Today was my first full day in Japan, and as such, I felt like I needed to figure out how to get around and survive in this new city.
I woke up quite early (about 3am…thanks time zones!) and chilled in my room (the mornings is actually when I do these blogs). I went out at about 7am to see what’s happening in Shinjuku early in the morning. The answer – not a whole lot of anything. Nothing much opens up until at least 9am, so I had some time to trapse around and get a handle on the town.
I was a bit hungry and was looking for the first place to spend my Yen. The winner was a store with breakfast food with the coolest name – “Mister Donut”!
Parks around Shinjuku/Shibuya
I spent my morning exploring some of the parks and shrines around the Shinjuku/Shibuya area.
This is a beautiful shrine made in the 1920’s (and subsequently rebuilt after WWII) for the former Emperor Meiji and his consort, Empress Shoken. Meiji was the emperor that bridged the gap between feudal Japan and more modernized Japan that we know now.
The shrine is in the middle of a very forested bit of Tokyo, which is not known for its greenery.
While it wasn’t exactly hopping early in the morning when I saw it, it is apparently one of the most popular shrines in Japan. There are stations to clense yourself, make offerings, and buy little charms and whatnot.
This park, set in the middle of bustling Shinjuku is one of the largest parks in Tokyo. It features a ton of walking paths, gardens (featuring a traditional Japanese garden, French Garden with a ton of cool roses, and an English garden), and a greenhouse.
This park is a very popular place in April when the cherry blossoms are blooming. This time of year features tourists and locals alike being drawn to these green spaces to see the pink-leafed trees.
I then hopped on the JR Rail system for a trip to the other side of Tokyo to see Ryogoku. This town had three sites I wanted to check out, and an exciting one I didn’t know about until I got there.
Kokugikan Sumo Stadium
Ryogoku is home to the giant Sumo Stadium. Sadly, there were no sumo matches during my time in Japan, but they did have a gift shop full of really cool sumo stuff (figurines, pictures, and anything else you could think of that would benefit from having a sumo placed on it).
There was also a sumo museum. I’m not sure what I was hoping for, maybe great loin cloths from history or something, but I was a little let down when I found out that mostly all they had were paintings from former Sumo masters.
Tokyo Memorial Hall
This Hall is to memorialize the people who died in two tragic events, the Great Kanto Earthquake of 1923 and the firebombings that leveled the city during the Tokyo air raids in World War II.
I didn’t take any pictures as it didn’t seem appropriate in a fairly austere environment. They did have several pictures around the Hall showing pictures of the Tokyo Air Raids, something I would learn much more about at the Edo-Tokyo Museum.
The Edo-Tokyo museum is a museum all about Tokyo’s past. From the 1400’s until 1868 – the area we now know as Tokyo was named Edo (hence the name of the museum).
There were two sections of the museum. I first went to the special exhibit of some ancient Japanese art. They were showcasing artistry of “Yokai” which are demons and monsters. They had a bunch of cool looking art and it made me with I could appreciate art more than I currently am able to.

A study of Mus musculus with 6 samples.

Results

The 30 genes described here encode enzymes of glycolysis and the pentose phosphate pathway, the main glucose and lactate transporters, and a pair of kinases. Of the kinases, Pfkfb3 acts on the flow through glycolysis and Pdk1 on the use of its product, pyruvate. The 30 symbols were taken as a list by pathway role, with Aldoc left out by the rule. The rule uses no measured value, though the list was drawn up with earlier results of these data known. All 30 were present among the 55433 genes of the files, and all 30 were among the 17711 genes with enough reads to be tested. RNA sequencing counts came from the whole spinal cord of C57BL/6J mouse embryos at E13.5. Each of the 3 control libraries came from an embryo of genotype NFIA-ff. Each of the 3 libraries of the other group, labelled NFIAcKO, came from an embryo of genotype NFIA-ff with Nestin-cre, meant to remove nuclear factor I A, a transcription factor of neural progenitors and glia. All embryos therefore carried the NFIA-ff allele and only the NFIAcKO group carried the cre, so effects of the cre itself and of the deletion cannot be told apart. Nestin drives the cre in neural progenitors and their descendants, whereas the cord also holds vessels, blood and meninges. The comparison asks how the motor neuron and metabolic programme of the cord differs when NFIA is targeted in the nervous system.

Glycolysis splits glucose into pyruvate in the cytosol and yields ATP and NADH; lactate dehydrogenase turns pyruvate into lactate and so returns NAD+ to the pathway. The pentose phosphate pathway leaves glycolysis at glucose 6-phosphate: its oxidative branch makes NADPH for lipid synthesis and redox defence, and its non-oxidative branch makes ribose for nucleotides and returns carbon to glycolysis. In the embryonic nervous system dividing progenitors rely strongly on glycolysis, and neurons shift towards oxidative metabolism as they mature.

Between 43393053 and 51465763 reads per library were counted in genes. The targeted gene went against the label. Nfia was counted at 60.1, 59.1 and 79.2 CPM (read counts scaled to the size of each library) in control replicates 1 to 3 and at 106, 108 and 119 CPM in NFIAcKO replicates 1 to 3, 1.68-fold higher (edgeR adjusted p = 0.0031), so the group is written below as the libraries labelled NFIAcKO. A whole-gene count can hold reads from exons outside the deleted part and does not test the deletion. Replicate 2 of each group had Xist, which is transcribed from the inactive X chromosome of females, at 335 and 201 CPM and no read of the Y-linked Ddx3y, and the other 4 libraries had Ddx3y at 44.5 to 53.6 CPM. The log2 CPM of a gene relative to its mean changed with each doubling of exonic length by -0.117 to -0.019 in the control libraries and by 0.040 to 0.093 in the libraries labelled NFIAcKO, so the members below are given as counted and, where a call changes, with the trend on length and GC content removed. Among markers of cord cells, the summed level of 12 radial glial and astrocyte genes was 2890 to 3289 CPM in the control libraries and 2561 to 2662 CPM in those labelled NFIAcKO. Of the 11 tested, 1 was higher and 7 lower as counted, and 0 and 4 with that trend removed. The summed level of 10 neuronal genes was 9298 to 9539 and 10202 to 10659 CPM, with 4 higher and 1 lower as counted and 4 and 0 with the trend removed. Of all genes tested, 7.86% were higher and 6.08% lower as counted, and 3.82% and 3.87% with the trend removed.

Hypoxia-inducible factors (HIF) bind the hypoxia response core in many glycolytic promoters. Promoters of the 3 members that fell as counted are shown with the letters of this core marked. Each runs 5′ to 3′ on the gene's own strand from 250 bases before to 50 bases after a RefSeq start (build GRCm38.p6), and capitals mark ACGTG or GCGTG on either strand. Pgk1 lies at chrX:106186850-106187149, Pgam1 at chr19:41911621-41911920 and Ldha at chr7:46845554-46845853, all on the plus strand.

The other portion of the museum was about the centuries of life in Tokyo. They had a ton of interesting exhibits and, my favorite, incredible miniatures of life in ancient Edo.
I did find one section particularly interesting in terms of the Fellowship I am currently on. One section of this museum talks about the Air Raids over Tokyo. There are many exhibits and artifacts showing life under constant threat of bombarment. I was struck by how this perspective on the war is rarely seen in the states, as the United States mainland was never under attack (except for some random balloon bombs from Japan). I took a ton of pictures in this area of the museum and will use some of them later in the Fellowship.
But wait…there’s one more thing…
As I was headed back to the train station, I happened to look at a map of the area. There was one site that drew my eye that wasn’t far away.
The Ryogoku Fireworks Museum!
All plans out the window, my new mission in life was to find this museum about fireworks!
While the museum itself was only really one room, it had some pretty cool stuff. They had some mortars used for launching the fireworks and replica of some of the shells used (including one that was probably 2-3 feet in diameter).
This was one of the situations where knowing Japanese would probably have made the entire experience a bit more…understandable.
Still though, it was pretty cool!
Things learned about Tokyo/Japan today…
- You are supposed to walk on the left on the sidewalk…this was weird to me
- Vending machines are EVERYWHERE (and I mean everywhere, in the most random of places) and they have an incredible selection of drinks. There’s a corn drink I want to get next time I see it.
- The Japanese people are very understanding when stupid Americans just talking in English without thinking and expect them to figure it out.
- The shopkeepers are way too nice.
That’s a man who is satisfied with his popsicle!